OCEAN CITY This Fourth of July weekend began on a somber note for the Eastern Shore with Friday morning's death of Phillips Seafood patriarch Brice Phillips Sr.

"It is with great sadness that Phillips Seafood conveys the passing of Brice Phillip Sr. at the age of 90, on Friday, July 1, 2011," read a press release issued Friday afternoon from Phillips Foods and Seafood Restaurants. "As his family mourns his passing, so too will the thousands of lives he touched through his leadership of Phillips Seafood Restaurants."

Mr. Phillips was born on Hooper's Island in 1921, a grandson of Capt. Augustus Elsworth Phillips Sr., who started a crab-packing plant on the island around 1914. It remains in operation there today, one of the suppliers for the Phillips Seafood empire that currently includes nine full-service restaurants (three in Ocean City, the rest scattered along the Eastern seaboard, from Atlantic City to Myrtle Beach); more than a dozen express seafood restaurants, including seven at airports from Boston to Atlanta, and a food processing business producing frozen crab products for sale in supermarkets nationwide.

In 1956, Mr. Phillips and his wife, Shirley, opened the first Phillips crab house in Ocean City, trying to find a better way to sell hard crabs.

In the early 1950s, according to the book "Empire of the Crab, The Phillips Odyssey," written by Dale Cathell in 2006, watermen saw that steamed crabs were going for a good price in Baltimore and other waterfront towns. These "basket" crabs could go for a higher price.

But when seafood packers like Phillips filled orders for truckloads of live Jimmy crabs, they often found their cargoes rejected upon delivery at Baltimore restaurants, which had accepted a better deal from another seafood packer.

Looking for another way to sell their crabs, the Phillips decided to market directly to the public. After considering a crab house in Baltimore, they decided they didn't want to take their two sons to live in a city for the summer. But Ocean City in the mid 1950s was an appealing place for their offspring.

The property the Phillips purchased at 21st Street and Philadelphia Avenue remains their flagship operation in Ocean City.

Through the years, the Phillips family employed hundreds of young people in Ocean City, providing lodging in carefully monitored bunkhouses for their restaurant staff. In the process, they helped with the financing of many college educations.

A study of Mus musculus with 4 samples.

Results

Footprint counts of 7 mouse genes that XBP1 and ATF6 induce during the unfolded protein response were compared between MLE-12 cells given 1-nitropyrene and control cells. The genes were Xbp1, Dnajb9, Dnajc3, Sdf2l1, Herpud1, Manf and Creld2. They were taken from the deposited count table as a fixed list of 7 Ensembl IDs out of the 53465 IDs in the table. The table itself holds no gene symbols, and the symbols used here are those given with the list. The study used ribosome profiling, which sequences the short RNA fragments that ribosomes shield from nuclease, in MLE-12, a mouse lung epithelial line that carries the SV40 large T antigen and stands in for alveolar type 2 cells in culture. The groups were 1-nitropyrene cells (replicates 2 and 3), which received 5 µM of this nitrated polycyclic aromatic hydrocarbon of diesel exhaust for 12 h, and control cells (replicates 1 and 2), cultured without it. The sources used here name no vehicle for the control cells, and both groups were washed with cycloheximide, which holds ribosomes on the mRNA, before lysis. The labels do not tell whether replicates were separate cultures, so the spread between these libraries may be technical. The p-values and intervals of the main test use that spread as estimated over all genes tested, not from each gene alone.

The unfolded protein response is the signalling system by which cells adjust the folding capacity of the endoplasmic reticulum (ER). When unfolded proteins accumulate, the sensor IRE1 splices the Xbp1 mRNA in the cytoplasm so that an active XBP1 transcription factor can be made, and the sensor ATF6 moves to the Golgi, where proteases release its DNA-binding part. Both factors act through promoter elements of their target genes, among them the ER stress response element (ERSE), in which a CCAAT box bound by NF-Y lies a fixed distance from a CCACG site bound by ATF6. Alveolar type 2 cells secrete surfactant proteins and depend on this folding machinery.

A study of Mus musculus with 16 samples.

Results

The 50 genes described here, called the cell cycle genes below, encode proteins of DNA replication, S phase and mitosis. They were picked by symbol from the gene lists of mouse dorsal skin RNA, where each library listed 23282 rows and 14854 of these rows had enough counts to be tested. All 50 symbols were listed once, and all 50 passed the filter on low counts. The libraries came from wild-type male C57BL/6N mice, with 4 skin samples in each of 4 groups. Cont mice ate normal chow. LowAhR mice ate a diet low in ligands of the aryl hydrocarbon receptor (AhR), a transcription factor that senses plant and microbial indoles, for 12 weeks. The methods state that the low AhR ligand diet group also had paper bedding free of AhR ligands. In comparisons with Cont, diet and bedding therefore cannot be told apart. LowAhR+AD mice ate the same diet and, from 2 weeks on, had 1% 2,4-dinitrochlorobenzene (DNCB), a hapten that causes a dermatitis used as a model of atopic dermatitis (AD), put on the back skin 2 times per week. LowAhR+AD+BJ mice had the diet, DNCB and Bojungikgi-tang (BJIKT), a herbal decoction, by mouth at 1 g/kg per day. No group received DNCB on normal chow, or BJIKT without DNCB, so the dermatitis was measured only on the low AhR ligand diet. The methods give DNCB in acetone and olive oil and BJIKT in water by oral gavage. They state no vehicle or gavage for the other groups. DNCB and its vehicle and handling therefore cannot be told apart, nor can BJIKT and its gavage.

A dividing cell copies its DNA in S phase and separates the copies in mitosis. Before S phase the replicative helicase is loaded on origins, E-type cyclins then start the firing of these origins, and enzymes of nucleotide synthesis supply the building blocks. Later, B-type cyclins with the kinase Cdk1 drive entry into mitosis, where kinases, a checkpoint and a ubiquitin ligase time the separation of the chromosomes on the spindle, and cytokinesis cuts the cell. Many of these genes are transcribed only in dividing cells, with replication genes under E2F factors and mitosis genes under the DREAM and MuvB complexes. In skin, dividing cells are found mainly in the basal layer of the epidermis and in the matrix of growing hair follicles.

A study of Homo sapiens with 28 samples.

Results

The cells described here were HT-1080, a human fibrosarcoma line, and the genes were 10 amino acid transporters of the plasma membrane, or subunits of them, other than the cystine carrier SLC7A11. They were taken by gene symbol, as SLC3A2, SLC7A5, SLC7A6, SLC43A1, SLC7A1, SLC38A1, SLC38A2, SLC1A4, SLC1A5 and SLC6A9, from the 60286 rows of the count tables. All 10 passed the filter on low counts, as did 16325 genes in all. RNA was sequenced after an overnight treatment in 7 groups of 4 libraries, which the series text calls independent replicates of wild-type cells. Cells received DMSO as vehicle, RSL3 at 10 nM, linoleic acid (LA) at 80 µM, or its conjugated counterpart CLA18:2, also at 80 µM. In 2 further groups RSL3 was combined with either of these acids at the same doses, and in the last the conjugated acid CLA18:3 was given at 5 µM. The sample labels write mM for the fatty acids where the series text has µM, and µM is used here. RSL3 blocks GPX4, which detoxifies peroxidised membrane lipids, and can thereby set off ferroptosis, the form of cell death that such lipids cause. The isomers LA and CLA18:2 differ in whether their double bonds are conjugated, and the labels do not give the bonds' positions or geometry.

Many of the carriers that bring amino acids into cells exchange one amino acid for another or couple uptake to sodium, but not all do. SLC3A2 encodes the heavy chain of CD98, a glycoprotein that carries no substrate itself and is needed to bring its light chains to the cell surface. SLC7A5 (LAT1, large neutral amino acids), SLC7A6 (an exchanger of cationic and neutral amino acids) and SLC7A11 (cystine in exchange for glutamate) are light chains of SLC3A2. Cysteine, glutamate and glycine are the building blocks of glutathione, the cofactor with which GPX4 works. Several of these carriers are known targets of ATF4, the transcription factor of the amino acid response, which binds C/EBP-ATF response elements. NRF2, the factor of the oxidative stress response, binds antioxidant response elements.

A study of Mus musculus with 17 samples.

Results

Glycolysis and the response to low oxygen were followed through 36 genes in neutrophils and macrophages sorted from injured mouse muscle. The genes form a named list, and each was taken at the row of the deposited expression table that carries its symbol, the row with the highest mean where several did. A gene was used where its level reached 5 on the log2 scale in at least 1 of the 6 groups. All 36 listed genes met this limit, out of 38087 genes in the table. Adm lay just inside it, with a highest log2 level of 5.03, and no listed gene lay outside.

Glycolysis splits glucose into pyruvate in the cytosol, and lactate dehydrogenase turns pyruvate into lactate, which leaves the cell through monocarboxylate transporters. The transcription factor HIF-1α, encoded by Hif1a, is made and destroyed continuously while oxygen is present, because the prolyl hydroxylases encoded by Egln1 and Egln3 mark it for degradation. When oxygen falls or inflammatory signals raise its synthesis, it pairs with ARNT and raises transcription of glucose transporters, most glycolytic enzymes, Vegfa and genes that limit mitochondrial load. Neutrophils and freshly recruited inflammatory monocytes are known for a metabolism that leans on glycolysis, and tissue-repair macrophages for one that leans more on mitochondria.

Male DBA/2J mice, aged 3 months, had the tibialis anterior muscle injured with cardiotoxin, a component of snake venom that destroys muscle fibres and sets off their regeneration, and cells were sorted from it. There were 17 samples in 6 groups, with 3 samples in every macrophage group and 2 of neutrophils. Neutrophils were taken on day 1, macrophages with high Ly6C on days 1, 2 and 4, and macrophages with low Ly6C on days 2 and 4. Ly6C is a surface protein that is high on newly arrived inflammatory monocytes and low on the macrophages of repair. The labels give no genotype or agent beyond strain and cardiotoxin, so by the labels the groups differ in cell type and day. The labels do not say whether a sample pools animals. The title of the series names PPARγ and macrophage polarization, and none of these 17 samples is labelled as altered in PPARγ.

Their first four waitresses were all teen-aged girls from the island, including two of Shirley Flowers Phillips' first cousins, Joyce and Judy Flowers (Judy Flowers Gootee today).

"It was really fun," Joyce Flowers recalled during a 2009 celebration of the Phillips' accomplishments held at Old Salty's restaurant on Hooper's Island. She said they lived in very basic (and crowded) conditions in a small residential area created in the crab house. They couldn't complain, since Mr. and Mrs. Phillips and their children shared the same quarters.

In those early days, Flowers said, the Phillips Crab House was at the end of Ocean City's commercial strip. Up to 33rd Street, she said, there were scattered beach houses. Then it was nothing but sand dunes to the Delaware line.

Another cousin, the late Tom Flowers, and his wife, the late Frances Flowers, were tapped by the Phillipses to cook at their new restaurant, since Dr. Flowers, who would go on to serve as a Dorchester County Commissioner, was a school teacher with summers off.

Today the Flowers' son, Dean, is comptroller for Phillips Seafood at its headquarters in Baltimore.

Through the years, the Phillips made friends wherever they located a restaurant, including Washington, D.C., where their friends include U.S. Sen. Barbara Mikulski, and in Baltimore, where Mayor and then Gov. William Donald Schaefer considered Mr. Phillips such a good friend that he remembered him in his last will and testament and honored him with the only sentence-length tribute, which read, "He is one of the nicest men I have ever met."

According to Jay Newcomb, manager of the Phillips' crab plant at Fishing Creek, Schaefer often visited the Phillips at their home on Hoopers Island and enjoyed fishing with Mr. Phillips on the charter boat of Capt. Ben Parks.

Mr. Phillips is survived by his childhood girlfriend and wife of 68 years, the former Shirley Flowers; sons Stephen and Jeffrey; daughters-in-law Maxine and Janet,; eight grandchildren; four great grandchildren as well as many other relatives and friends.

"His life will be celebrated by those who knew him best and the many whose lives he touched when they dined in his restaurants or worked for this great man," said Phillips spokeswoman Honey Konicoff.

Among those who paid tribute to Mr. and Mrs. Phillips during the August 2009 celebration in Dorchester County was Maryland Sen. Richard Colburn, who presented a resolution from the Maryland Senate to honor "two outstanding entrepreneurs who have always given back to the community."

Colburn also credited Brice Phillips for introducing people throughout the East Coast to seafood as it is done in Dorchester County.

"When anybody talks about crabs," Colburn said, "they think of Phillips' crabs."